It should come as no surprise, but there are lessons for us as American Jews that are both sobering and strategic. Because of the unprecedented maturity of civil society in America we often forget we live in essentially a Christian country. Its Christian nature is certainly an exception in human history, for the physical safety of American Jews is not in question. The development of a liberal, pluralistic American culture has meant that Jews and Judaism have been free to thrive or fail based not on the threat of enemies but only on the internal strength of the community to define and educate itself.
The election of 2004, however, represents a new challenge to Jewish public policy. Both parties courted Jews largely based on the Israel card. The bipartisan support of Israel among Americans and their elected officials is one of the major accomplishments of the Jewish community in the latter part of the 20th century. While much of identified Jewish money flowing to political campaigns may be linked to support of a strong U.S.-Israel relationship, much of Jewish voting in a level playing field of two pro-Israel candidates did not.
This meant that American Jews voted their beliefs and values, their hopes, and not their Middle East fears. And, even with our increasing wealth, we're still voting far more like African Americans than Episcopalians. This is astonishing and should be celebrated. For even with the weakness of the overall Jewish system of education, the transmission of social values has managed to continue to reflect a people who may remember they were slaves long ago in Egypt even more so than being privileged descendents of Kings of Israel.
While our numbers will continue to shrink into near political irrelevance in a growing and diverse nation of 280 million, it is time to assert our small but potentially powerful voices not only for a strong U.S.-Israel relationship but also for a Jewish values vision of America. Those of us who have been privileged to be part of the development of the pro-Israel community know that often advocacy for Israel is a barometer of our own Jewish identities and a surrogate for our Jewish involvement. The secular nature of the political process did not devalue Jews who did not practice Judaism but rather affirmed their importance. For many, being identified in the political lexicon as pro-Israel was easier than overtly standing out as a Jew; there was convenient political cover to wiggle out of the religious identification but still maintain the ethnic one.
It is striking that there is a positive correlation between the states with the worst educational systems and those that voted for the Republican ticket. Perhaps that is one reason why "No Child Left Behind" was so under-funded; President Bush will have a free hand to work with an even more supportive Congress, so this will be telling. The centrality and universality of quality education is certainly one that is associated with the Jewish people. The two coasts, with the nation's top universities, overwhelmingly supported the Democratic ticket.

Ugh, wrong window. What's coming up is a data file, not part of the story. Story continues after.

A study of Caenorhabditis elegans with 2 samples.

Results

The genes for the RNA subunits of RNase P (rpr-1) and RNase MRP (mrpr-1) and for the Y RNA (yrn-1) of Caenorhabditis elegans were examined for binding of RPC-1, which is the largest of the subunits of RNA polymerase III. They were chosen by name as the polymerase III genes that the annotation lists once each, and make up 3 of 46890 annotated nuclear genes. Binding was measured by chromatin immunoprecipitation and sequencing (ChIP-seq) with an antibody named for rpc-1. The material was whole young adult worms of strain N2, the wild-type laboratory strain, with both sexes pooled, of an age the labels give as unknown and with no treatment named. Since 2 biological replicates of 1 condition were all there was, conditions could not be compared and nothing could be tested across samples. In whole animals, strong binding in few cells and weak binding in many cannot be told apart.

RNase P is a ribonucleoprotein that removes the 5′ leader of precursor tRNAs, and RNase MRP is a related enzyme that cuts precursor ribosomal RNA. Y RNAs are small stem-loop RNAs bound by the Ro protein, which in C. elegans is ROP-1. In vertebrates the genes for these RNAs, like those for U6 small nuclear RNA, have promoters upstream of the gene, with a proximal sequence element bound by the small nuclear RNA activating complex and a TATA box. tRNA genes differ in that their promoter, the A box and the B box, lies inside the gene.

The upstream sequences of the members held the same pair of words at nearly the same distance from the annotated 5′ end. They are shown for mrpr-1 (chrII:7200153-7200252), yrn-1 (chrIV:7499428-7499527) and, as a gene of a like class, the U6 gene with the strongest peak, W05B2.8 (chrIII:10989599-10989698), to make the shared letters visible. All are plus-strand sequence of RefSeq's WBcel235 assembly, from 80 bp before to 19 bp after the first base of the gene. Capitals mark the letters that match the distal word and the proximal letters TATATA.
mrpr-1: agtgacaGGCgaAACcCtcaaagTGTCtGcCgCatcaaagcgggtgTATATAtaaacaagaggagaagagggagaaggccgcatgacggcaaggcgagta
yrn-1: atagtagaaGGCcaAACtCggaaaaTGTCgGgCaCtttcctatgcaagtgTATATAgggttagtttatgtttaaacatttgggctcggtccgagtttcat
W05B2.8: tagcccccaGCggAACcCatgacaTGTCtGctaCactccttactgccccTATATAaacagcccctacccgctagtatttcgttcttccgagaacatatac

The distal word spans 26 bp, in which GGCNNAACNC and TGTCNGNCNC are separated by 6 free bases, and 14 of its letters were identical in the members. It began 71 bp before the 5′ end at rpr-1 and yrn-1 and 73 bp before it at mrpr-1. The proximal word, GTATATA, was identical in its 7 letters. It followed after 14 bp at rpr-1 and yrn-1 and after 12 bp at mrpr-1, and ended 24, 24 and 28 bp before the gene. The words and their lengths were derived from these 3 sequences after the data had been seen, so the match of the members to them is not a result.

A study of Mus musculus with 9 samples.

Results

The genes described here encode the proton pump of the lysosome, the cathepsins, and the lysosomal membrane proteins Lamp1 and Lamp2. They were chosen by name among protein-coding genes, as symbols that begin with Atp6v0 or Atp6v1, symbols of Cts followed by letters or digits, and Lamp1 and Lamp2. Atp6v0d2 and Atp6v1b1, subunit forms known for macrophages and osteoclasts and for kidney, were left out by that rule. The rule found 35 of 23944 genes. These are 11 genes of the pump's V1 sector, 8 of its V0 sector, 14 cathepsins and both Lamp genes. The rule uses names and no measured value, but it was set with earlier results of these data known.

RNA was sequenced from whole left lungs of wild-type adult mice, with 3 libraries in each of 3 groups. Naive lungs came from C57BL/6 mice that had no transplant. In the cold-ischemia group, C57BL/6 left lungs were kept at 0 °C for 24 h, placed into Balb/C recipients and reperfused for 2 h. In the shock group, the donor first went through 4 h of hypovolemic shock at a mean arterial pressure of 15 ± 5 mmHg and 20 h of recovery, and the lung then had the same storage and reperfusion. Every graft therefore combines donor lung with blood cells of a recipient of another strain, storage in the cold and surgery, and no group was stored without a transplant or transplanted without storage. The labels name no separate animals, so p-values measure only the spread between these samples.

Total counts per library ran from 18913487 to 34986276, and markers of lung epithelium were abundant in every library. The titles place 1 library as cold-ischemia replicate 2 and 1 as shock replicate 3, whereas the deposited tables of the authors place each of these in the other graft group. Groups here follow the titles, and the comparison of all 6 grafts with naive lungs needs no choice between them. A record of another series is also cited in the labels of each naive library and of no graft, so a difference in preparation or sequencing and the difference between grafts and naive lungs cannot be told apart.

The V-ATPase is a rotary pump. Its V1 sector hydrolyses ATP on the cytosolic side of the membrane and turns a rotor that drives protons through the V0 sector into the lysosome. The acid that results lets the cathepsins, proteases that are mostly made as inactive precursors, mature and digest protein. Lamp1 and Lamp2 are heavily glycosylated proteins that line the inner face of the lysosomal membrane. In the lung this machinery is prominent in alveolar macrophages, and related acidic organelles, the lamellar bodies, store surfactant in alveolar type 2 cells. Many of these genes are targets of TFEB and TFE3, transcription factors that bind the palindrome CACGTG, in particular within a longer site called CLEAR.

One of the features of this election that strikes fear into the hearts of many Jews is the use of code words. When so many Americans went to the polls to vote on moral issues, we know that what they mean is that they went to the polls to vote for Christian issues and that, increasingly, their understanding of Christian issues is less intellectual, more absolute and more easily manipulated in a political season. Since we can never match their numbers, we need new strategies to engage this growing and perhaps defining feature of America.
While affirming how important our evangelical Christian friends are in making sure that the Holy Land does not become an Ultimate Victim of Islamic Fundamentalism in an era of weapons of mass destruction, we would honor their justice-seeking tradition by respectfully but forcefully challenging their vision of America with our own Jewish values, which emphasize and legitimize a wide-range of ideas, acknowledges the grays inherent in every single policy debate and is not swayed by political campaigns or even, apparently, the passing of generations.
After 350 years of Jewish life in America, there are many Jews who in the aftermath of the election quietly worry that maybe we are more like guests than stakeholders. Yet it would be a mistake to give in to a sense of feeling like outsiders, for the election itself was close and nearly half of Americans, especially the most vulnerable as well as the most thoughtful constituencies, also feel like there are two Americas. And, what the Jewish vote has demonstrated, yet again, is that the Edwards' formulation of "Two Americas" does not have to correlate economic privilege with social Christian conservativism. It is not likely that Jews are going to abandon the Democratic Party for quite some time. Therefore, the task ahead is to help America embrace a wide range of thoughtful ideas and programs, wrestle better with the large and small issues through the re-assertion of Jewish values into the marketplace of policy ideas and challenge the dominant definition of what constitutes moral values and moral leadership.